Heath secretary Matt Hancock, has ruled out scrapping home visits by GPs, describing the idea as “a complete non-starter”.

Hancock said he was strongly opposed to the plans and insisted that they would not pass, even though doctors have voted to remove them from their NHS contract.

The change to the GP contract was first proposed by the Kent Local Medical Committee, an independent body which works with the British Medical Association (BMA) to help shape policy.

It argued: “GPs no longer have the capacity to offer home visits” and the BMA’s General Practitioners Committee should renegotiate with the NHS to “remove the anachronism of home visits from core contract work, negotiate a separate acute service for urgent visits, and demand any change in service is widely advertised to patients”.

Under the proposals, GPs would negotiate a separate service for urgent visits to patients.

Explaining why he voted against the initiative, Hancock said: “The idea that people shouldn’t be able, when they need it, to have a home visit from a GP is a complete non-starter and it won’t succeed in their negotiations. There is no prospect of this happening.”

Caroline Abrahams, charity director at Age UK has opposed the proposal to scrap home visits. In a statement, she said: “Some frail and vulnerable older people are likely to be alarmed that the future of GP home visits is even being questioned. For older people in this position, knowing that you can call out a GP if you absolutely need one provides a precious feeling of reassurance, even if you never actually have to do it.”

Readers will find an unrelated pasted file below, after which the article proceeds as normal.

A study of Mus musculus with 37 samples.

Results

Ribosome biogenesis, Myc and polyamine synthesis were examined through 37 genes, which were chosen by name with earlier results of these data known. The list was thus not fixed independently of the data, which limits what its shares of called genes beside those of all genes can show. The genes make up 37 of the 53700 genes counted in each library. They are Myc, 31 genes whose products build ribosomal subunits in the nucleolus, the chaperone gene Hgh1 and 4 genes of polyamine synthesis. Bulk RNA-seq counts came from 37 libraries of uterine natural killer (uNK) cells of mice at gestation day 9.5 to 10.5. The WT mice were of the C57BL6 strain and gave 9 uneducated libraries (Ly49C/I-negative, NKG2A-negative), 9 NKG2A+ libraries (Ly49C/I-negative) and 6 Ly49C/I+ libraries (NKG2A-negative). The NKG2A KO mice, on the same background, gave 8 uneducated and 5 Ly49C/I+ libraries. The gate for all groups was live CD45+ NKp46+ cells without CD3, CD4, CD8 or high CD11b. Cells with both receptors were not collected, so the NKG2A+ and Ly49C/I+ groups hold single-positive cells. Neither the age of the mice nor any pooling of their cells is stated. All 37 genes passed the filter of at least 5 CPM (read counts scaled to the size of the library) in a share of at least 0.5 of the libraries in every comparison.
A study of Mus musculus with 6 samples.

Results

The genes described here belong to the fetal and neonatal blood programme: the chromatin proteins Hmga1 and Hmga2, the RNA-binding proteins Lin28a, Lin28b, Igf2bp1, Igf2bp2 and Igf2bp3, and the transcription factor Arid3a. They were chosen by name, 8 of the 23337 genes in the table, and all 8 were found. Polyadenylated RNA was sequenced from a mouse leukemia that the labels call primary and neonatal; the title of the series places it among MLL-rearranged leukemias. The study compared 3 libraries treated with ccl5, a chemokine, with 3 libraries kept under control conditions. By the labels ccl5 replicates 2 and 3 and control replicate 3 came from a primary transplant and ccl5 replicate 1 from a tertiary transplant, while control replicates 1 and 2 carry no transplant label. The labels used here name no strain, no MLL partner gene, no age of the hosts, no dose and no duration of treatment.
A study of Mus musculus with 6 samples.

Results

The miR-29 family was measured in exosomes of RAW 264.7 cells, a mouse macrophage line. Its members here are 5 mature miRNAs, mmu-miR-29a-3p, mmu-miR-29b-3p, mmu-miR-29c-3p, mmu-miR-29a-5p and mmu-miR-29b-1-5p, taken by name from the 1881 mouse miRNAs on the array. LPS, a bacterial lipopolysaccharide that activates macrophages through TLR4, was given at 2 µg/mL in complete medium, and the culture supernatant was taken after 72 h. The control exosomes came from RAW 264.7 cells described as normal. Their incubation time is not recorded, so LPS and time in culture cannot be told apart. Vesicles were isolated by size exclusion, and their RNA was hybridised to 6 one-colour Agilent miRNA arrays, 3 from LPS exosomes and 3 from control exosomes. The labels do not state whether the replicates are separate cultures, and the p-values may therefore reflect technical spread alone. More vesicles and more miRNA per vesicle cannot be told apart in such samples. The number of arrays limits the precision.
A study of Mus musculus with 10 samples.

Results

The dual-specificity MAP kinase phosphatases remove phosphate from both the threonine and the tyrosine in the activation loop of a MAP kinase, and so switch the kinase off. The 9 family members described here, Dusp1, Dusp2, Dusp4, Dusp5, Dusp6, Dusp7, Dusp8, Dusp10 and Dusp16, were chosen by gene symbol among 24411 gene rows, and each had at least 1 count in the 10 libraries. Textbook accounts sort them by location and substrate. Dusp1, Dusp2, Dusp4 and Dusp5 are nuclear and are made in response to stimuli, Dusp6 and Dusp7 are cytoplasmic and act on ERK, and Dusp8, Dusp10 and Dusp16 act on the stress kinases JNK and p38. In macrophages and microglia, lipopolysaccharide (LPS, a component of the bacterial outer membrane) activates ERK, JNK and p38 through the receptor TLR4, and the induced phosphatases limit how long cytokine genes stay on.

Martin Green, chief executive of Care England, said: "The NHS Long Term Plan is focused on enhancing healthcare input for care home residents including visits from a GP. The recent pronouncements are contrary to our understanding of good practice demonstrated by the NHS Care home vanguard programme”.

He added: “We think the public and relatives of people in care homes would be shocked if GPs took a stance to no longer visit care homes and it flies in the face of national policy and demonstrated good practice. Care homes want to work with GPs and primary and community services more widely as part of an integrated health and social care system putting the individuals needs at the centre.”